Call it democracy a la carte: A new breed of civic-minded start-ups wants to let citizens decide directly what improvements they want in their neighborhoods, from new dog parks to park repairs, and allow them to donate toward the cost.
Using the crowdfunding money-raising model popularized in the tech start-up world, these initiatives allow people to pool donations of time and money for civic projects of their choosing, rather than wait for the work to be done by public employees — or not done at all.
“We want to make government more like a vending machine,’’ said Jordan Raynor, founder of Citizinvestor, which allows governments and community nonprofits to submit proposed public improvements that residents could choose to support.
In Philadelphia, for example, the Parks and Recreation Department is using Citizinvestor to raise $12,875 to plant trees across the city, while in Boston a nonprofit named Tech Goes Home is soliciting $6,480 to buy iPads for a class of blind students.
“For parks, pools, and playgrounds, giving citizens the power to say where they’re going to put [those] is very powerful,’’ Raynor said.
Citizinvestor’s initiatives in Boston dovetail with an effort by the Menino administration, dubbed the Office of New Urban Mechanics, to upgrade infrastructure for the digital age. Nigel Jacob, cochairman of the office, said models such as Citizinvestor are a natural extension of how governments have been operating for centuries.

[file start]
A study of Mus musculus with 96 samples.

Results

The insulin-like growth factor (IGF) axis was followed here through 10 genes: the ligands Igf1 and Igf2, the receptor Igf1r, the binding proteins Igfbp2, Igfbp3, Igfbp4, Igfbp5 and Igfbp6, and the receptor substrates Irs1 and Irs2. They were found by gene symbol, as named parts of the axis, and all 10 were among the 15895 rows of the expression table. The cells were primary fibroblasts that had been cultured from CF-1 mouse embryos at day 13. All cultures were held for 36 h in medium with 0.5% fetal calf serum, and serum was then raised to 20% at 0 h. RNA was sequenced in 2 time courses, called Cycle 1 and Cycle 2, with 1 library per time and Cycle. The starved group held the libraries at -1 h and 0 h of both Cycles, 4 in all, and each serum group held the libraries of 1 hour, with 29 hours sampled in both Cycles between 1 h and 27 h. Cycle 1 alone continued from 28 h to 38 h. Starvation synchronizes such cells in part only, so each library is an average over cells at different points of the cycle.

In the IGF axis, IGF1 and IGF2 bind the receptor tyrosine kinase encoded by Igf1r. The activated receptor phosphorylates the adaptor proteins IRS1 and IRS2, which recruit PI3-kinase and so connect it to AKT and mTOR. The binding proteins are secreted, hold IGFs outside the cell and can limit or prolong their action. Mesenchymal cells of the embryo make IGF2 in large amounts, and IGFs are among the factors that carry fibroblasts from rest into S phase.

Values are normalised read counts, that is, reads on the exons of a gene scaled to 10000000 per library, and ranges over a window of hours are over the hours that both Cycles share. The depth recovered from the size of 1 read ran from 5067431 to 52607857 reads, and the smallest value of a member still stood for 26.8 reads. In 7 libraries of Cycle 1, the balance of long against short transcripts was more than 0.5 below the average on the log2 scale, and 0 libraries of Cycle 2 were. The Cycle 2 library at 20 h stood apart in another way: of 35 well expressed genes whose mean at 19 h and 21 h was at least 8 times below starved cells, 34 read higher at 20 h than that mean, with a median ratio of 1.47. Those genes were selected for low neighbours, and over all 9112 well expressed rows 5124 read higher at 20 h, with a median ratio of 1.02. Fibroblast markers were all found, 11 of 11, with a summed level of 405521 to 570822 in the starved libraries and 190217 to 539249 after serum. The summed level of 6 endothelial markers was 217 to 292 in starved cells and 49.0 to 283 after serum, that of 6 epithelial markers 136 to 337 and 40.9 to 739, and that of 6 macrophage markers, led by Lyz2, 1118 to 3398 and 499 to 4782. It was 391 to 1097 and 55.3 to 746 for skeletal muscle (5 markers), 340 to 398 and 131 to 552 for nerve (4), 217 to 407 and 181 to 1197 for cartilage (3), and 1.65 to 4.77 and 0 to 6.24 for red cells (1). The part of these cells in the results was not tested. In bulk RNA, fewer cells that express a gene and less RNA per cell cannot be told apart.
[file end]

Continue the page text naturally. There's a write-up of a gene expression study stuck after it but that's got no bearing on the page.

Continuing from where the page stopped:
“When you think of taxes, governments have been crowdfunded for a long time,’’ Jacob said. But what make sites such as Citizinvestor appealing in his world, he said, is that they identify additional sources of revenue for cities.
And supporters get a deep sense of ownership in the projects they support.
“We like to call them micro-philanthropists,’’ Raynor said. “We like to give the people the feeling that they’re modern-day Rockefellers, for $5 or $10.’’
Some civic-funding sites give supporters perks to encourage participation: Neighbor.ly offered donors coffee mugs and posters, while Cambridge-based Cauzoom lets visitors support Little League baseball when they purchase gift cards for local businesses.
Not all efforts at tapping the kindness of crowds require money: Boston launched a crowdsourcing venture last year, Adopt-a-Hydrant, that asked for volunteers to shovel out hydrants in their neighborhoods during snowstorms.
And for some entrepreneurs, crowdfunding replaces traditional financial sources that may be disappearing. At Tech Goes Home, for example, the nonprofit’s executives began looking for other funding when a grant from a government broadband initiative began to wind down.
But putting projects out for public help can be risky, because people might not be interested in supporting them. With a day to hit its goal, the Philadelphia tree project had raised just over 13 percent of its goal and seemed unlikely to succeed.
It is one thing when trees do not get planted, but it is easy to imagine a future when crowdfunding, taken to its extreme, exacerbates the difference between those with money and those without, and when communities and residents with money can kickstart their favorite pools and schools while others struggle to get potholes filled.